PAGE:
The plot of The Subject Was Roses takes on different meanings depending on which character appears as the major focus. This deliberate ambiguity emerges as a central theme of the play, as the three balanced characters intertwine their conflicting concerns. Each character sees himself or herself as the main character in his or her own story, and the different perceptions that result lead to their failures to understand one another and to their estrangement.
For Timmy, the central concern is coming of age. He had been protected, even spoiled, as an only child; at eighteen, he had left home to go to war. While he had, by his own admission, no significant adventures in the army, his experience away from home made it impossible for him to reenter his parents’ life and meet their expectations. Timmy’s play is, like Neil Simon’s Broadway Bound (pr. 1986) and Brian Friel’s Philadelphia, Here I Come! (pr. 1964), about the struggle for independence from his parents.
For Nettie, the central focus is loss: loss of her son and loss of her hopes for regaining John’s affection. All had seemed possible. Timmy had come home, and the roses had briefly rekindled her romantic feelings; then both were gone again, along with her expectations for a good life, the life she imagines had existed in her father’s house.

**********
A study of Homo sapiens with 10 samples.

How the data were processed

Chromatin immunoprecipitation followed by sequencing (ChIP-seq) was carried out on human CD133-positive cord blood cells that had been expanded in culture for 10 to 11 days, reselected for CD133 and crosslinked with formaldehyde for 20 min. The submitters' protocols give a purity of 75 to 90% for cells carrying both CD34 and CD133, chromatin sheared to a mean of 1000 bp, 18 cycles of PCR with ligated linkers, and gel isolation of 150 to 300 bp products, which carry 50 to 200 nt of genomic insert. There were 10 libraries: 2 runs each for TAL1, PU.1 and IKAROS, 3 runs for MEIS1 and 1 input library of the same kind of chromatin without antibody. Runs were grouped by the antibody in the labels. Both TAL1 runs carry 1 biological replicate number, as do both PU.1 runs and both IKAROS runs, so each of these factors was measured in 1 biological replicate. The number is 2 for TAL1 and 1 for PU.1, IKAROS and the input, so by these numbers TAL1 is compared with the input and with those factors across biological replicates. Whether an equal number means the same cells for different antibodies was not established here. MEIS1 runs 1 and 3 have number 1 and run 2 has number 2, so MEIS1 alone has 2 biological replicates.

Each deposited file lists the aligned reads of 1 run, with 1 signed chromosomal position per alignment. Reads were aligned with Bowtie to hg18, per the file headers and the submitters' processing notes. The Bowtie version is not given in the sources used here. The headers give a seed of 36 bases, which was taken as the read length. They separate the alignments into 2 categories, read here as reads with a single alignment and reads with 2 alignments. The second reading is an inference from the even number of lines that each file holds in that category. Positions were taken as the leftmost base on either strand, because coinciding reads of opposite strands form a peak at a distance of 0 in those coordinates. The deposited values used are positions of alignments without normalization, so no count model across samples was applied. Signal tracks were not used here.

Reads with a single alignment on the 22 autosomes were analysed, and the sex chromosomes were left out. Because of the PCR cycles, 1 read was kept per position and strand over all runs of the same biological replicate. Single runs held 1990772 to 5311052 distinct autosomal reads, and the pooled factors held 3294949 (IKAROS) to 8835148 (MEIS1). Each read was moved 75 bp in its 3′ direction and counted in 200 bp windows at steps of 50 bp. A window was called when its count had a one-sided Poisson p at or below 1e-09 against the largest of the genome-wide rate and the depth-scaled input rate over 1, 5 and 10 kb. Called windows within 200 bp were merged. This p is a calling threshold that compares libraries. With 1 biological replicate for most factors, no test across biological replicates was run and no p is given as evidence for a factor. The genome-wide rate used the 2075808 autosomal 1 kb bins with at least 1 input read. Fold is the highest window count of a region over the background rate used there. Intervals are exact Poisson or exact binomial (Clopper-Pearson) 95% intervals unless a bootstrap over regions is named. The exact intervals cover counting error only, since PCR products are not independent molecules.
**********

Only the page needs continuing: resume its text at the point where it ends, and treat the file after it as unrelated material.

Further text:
For John, the play is a story of frustration. His first frustration had occurred long ago: The stock market crash and his failure to go to South America kept him from making a fortune. Now his marriage is clearly failing, and he has no prospects for a better future. He is at once jealous of his son for his experiences and prospects and frustrated that Timmy is not going to be the person he had hoped.
With each of the three characters caught in a different view of reality, the family falls apart. Each blames the other two for all the family’s problems, much as the characters in Eugene O’Neill’s Long Day’s Journey into Night (pr., pb. 1956) blame one another. Some learning occurs, as Timmy speaks of his love and John lets Timmy leave home. It is only the audience, however, that can view the three different realities of the three characters, recognize the hopelessness of their estrangement, and pity and forgive all three.